Every car comes with running costs. You’ll need to regularly put fuel in the tyres, pay your road tax, and insure the vehicle. One cost that might catch you off guard is that of replacement tyres. When your tread depth dips below the legal limit of 1.6mm (or, ideally, several weeks before that happens), it’s time to invest in some new tyres.
When you go to buy replacement tyres, you’ll be confronted by a wealth of options, each by different car brands. In such a crowded marketplace, it can be difficult to know what’s worth investing in and what isn’t. Let’s run through some of the more important things to look for.
Certain brands command more prestige than others. Tyres must, after all, cope with a range of extreme pressures, and trust in the manufacturer is all-important. Established manufacturers take testing extremely seriously, and their tyres are exposed to both in-house and independent testing. Whether you opt for Pirelli tyres, Continental or any one of the premium tyre brands, you’ll be getting superior performance and safety on the road.
Check the sidewall of a tyre and you’ll see a confusing cluster of numbers and letters. The last letter in the sequence will tell you how fast the tyre is rated to travel. A ‘W’ tyre, for example, can go up to 168mph; an ‘N’ one can go up to 87mph. Given that the speed limit is much lower than that, you might not think that this matters much – but generally speaking, a higher rating will confer durability benefits even at lower speeds.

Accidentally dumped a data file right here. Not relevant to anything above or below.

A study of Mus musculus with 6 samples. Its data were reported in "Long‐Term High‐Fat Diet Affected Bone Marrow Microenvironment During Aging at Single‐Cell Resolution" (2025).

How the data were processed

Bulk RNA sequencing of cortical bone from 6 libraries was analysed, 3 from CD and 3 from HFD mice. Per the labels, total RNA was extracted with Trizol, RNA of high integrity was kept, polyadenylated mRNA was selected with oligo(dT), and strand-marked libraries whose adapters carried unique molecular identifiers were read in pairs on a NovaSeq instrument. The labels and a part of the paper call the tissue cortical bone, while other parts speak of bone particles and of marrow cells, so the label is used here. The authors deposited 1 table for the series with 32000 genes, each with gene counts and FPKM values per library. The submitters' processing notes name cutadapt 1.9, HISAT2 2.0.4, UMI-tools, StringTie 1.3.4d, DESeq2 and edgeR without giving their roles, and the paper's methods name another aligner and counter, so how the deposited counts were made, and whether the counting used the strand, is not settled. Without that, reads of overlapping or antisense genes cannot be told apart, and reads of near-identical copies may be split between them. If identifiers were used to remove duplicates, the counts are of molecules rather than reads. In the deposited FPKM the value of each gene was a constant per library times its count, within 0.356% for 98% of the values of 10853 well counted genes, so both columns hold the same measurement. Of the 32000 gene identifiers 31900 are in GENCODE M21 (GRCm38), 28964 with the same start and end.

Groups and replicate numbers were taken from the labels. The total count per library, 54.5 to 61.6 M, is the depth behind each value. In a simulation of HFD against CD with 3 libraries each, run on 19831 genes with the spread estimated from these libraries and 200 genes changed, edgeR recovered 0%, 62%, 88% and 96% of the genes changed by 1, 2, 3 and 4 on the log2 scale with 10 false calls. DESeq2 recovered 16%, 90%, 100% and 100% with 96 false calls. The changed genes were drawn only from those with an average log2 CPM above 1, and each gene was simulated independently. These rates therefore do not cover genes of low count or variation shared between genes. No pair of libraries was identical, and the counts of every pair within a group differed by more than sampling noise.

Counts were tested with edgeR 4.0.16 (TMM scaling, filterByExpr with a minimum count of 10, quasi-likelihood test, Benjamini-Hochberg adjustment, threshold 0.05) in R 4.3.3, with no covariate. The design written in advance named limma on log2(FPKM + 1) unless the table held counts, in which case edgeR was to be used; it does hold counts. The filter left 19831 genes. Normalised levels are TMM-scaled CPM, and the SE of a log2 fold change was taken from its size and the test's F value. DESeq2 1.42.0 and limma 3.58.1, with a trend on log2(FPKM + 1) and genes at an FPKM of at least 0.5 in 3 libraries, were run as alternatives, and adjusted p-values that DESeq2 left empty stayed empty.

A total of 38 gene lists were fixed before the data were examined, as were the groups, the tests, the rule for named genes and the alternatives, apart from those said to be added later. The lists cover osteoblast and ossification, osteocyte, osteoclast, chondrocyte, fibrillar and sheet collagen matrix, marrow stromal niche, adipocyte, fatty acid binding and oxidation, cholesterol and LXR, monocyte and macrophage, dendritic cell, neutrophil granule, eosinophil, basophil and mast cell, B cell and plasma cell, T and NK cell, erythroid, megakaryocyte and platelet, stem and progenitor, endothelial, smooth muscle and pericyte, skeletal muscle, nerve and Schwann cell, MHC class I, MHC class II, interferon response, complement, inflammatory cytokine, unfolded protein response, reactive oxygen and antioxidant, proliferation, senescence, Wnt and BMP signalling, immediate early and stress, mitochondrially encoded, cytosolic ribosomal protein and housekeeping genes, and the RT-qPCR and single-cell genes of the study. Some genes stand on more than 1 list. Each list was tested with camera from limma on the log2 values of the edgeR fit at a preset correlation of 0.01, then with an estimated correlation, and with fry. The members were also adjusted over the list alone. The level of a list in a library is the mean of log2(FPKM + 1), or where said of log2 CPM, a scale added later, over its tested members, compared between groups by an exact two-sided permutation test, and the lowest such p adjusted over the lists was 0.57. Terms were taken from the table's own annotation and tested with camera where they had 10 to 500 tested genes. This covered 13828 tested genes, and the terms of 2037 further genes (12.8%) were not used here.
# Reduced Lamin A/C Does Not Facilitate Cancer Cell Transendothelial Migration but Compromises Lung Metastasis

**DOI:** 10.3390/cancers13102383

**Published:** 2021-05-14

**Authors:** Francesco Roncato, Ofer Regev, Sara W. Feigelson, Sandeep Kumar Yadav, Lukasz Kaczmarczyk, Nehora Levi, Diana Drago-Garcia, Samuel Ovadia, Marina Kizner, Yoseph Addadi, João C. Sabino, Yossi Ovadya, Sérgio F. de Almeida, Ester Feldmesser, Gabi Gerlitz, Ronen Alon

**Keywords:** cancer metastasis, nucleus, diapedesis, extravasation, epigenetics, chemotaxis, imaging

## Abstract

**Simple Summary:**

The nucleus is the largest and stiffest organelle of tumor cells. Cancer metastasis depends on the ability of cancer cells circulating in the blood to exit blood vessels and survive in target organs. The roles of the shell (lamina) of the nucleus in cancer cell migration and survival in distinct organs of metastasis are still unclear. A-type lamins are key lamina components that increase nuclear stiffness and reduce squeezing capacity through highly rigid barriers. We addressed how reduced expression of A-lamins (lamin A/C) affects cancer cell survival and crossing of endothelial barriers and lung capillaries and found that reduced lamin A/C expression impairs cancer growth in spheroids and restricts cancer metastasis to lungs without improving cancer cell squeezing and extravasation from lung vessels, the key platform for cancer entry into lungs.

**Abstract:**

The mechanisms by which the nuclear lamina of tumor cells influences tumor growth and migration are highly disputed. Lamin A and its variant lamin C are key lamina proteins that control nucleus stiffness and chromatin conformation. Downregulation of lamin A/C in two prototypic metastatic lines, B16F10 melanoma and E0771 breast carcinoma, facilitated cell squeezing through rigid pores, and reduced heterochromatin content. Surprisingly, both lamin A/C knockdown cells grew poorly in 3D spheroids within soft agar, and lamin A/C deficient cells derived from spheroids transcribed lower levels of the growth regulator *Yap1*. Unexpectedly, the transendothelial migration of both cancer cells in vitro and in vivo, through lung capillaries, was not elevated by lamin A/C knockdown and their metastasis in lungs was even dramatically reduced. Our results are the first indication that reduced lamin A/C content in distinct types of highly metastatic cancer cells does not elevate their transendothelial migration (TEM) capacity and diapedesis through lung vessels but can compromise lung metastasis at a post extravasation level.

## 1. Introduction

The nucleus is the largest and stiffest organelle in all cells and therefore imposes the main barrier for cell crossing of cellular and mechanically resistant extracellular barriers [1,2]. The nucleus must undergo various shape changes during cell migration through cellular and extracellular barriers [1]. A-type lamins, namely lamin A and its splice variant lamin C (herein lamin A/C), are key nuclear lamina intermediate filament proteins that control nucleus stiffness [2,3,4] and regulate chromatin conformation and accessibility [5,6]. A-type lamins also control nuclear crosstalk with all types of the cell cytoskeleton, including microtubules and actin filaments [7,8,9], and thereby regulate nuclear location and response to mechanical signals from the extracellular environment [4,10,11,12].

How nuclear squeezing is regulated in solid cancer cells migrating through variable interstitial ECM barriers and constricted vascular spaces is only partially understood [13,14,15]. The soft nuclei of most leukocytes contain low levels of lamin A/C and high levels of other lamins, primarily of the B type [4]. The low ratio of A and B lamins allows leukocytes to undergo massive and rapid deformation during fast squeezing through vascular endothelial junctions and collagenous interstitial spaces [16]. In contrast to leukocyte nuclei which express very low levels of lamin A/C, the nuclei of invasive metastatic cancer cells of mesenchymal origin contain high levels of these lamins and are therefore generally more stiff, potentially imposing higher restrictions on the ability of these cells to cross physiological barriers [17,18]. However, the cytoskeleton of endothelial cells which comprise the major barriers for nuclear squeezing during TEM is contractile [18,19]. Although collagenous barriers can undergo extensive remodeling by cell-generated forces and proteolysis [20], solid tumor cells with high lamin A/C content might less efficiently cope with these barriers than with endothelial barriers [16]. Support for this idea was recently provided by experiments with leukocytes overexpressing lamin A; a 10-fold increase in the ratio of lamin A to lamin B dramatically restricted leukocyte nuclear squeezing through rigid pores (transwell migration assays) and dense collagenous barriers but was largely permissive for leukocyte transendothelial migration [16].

The grooves on the surface of your tyre serve an important purpose; they’re there to distribute water away from the road, and ensure that you retain adequate grip. The patterns aren’t just there for show; they actually confer practical benefits and drawbacks. What’s important is that you find a tread pattern that matches across all four wheels.
Modern car tyres aren’t just made from pure rubber, but from a carefully-balanced mixture of materials. The walls might be supported by steel mesh, while the tyre itself might be softer or tougher. A soft tyre will form a more complete contact with the road as it heats up, but it might not be as durable as a tough one.
If you want a premium brand, you’ll have to pay premium prices. In some cases, however, this will make a sensible investment. Check your car’s owner’s manual for a recommendation.